Clearly, the new Covid-19 variant has caused investors to reassess their views of a number of companies. Although it is too soon to know the full extent of the new variant’s impact, it now appears that additional containment measures are more likely than they were a month ago.
This could affect Lloyds to a significant extent. Investors may have been pricing in an interest rate rise at this month’s Bank of England’s Monetary Policy Committee (MPC) meeting. After all, inflation has risen to 4.2%. This is more than double the Bank of England’s target of 2%. It suggests that interest rate rises could be used to cool a rising price level.
However, the emergence of a new Covid-19 variant could prompt the Bank of England to adopt a ‘wait-and-see’ approach to interest rates. Since a higher interest rate would normally be expected to cool economic growth, they may wish to find out more about the potential impact of the new variant on the economy. Therefore, an interest rate rise in December may now be less likely than it was just a few weeks ago.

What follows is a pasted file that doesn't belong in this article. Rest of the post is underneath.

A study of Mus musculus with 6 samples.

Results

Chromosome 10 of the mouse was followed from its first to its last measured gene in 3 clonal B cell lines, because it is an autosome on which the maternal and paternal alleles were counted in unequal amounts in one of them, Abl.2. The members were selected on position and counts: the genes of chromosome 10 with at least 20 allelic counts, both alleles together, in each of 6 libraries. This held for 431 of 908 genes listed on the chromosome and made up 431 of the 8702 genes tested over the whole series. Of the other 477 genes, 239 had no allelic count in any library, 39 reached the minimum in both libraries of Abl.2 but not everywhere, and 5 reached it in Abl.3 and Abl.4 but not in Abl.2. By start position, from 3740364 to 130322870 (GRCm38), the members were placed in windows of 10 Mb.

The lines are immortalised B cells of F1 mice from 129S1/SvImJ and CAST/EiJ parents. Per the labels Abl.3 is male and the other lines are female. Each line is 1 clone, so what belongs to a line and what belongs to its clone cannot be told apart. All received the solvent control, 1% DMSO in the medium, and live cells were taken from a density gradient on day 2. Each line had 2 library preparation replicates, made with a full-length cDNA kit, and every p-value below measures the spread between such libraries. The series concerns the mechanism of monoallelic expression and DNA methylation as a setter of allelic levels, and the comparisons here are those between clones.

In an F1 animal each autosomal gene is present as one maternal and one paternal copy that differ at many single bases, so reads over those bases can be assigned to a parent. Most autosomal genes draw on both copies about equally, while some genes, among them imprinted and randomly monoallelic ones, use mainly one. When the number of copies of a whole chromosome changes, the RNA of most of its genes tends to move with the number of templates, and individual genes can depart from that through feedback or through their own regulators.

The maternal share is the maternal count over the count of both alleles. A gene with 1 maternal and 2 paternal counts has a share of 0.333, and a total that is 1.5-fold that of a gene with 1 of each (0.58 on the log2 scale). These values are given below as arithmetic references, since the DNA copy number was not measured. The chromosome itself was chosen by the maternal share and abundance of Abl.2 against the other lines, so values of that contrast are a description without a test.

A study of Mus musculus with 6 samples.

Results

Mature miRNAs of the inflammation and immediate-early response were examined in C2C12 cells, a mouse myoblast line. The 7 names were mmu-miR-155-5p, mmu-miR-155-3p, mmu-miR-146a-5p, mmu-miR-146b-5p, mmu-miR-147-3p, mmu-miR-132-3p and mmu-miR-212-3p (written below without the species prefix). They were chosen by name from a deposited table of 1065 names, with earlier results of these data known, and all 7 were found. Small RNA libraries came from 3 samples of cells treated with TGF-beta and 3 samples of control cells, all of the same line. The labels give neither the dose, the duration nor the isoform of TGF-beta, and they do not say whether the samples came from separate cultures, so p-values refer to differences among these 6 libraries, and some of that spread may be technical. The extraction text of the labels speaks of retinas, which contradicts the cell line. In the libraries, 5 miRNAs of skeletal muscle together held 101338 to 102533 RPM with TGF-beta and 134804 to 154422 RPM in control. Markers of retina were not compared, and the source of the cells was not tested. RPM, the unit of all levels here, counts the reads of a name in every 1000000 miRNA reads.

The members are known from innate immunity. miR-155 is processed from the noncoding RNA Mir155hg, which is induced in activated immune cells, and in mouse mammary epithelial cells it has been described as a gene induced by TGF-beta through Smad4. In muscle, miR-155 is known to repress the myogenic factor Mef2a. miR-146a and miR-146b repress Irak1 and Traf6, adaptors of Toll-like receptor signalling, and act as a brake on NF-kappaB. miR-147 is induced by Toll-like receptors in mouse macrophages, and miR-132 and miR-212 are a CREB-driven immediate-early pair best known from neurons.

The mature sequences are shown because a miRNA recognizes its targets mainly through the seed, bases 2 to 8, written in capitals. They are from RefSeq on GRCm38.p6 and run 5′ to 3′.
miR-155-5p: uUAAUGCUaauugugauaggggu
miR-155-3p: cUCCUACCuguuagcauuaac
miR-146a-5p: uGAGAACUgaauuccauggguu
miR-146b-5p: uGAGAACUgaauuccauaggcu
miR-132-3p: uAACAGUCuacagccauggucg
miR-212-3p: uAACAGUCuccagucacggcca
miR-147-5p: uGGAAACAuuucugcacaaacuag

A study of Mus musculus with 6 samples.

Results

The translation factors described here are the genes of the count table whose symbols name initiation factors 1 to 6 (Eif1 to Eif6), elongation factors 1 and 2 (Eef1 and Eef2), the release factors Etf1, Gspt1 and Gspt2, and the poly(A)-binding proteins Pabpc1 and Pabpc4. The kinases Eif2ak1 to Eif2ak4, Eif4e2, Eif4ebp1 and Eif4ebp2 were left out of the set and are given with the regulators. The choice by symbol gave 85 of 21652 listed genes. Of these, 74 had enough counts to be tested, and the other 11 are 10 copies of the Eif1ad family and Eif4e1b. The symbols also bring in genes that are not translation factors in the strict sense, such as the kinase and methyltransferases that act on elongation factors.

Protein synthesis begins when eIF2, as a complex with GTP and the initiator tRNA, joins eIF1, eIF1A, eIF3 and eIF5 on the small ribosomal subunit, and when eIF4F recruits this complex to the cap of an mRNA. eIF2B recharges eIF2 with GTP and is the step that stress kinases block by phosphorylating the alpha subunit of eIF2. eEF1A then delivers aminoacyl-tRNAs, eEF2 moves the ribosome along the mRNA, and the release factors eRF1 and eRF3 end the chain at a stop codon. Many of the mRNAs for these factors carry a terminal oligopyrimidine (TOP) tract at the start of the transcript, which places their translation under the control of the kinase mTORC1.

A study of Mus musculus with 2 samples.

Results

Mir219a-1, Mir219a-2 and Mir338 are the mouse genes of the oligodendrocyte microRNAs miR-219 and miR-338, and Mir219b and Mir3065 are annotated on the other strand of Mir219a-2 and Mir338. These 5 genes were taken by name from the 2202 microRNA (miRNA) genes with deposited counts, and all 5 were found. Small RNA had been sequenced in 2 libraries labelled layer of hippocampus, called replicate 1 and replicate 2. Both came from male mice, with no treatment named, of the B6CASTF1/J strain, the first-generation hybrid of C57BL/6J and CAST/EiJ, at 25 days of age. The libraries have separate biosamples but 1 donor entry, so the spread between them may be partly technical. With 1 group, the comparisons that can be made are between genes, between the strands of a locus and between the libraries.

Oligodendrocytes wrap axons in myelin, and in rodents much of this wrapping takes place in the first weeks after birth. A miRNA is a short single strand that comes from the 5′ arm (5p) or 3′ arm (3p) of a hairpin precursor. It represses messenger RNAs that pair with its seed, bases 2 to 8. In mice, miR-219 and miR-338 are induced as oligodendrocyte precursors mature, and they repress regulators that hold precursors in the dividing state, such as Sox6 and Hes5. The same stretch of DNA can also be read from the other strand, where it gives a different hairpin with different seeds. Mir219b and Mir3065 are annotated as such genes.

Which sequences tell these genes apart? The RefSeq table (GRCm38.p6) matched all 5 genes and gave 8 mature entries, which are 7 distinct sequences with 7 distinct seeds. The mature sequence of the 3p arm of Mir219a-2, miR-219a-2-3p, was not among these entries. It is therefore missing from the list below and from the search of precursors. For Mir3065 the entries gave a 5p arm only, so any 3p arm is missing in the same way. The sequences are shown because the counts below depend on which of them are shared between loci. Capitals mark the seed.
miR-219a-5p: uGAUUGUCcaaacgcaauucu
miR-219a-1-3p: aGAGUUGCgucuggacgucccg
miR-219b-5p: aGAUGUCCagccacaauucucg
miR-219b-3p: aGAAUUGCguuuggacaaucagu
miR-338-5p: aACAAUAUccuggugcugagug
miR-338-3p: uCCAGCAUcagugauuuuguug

Interest rate levels affect the Lloyds share price because the bank’s profitability is closely linked to them. A higher interest rate generally equates to greater opportunity to generate higher profits via a higher net interest margin. Conversely, lower interest rates may mean less scope for rising profits.
As a result, the bank’s shares could prove to be relatively volatile in the short run. They may be impacted either positively or negatively by developments involving the new Covid-19 variant.
In the long run, the prospect of higher interest rates as the global economy recovers from the pandemic could catalyse Lloyds’ financial performance. Furthermore, its forward price-earnings ratio of 8 suggests that its share price contains a relatively wide margin of safety. This could mean that it offers capital growth potential over the coming years, albeit with higher volatility seemingly likely as the pandemic continues.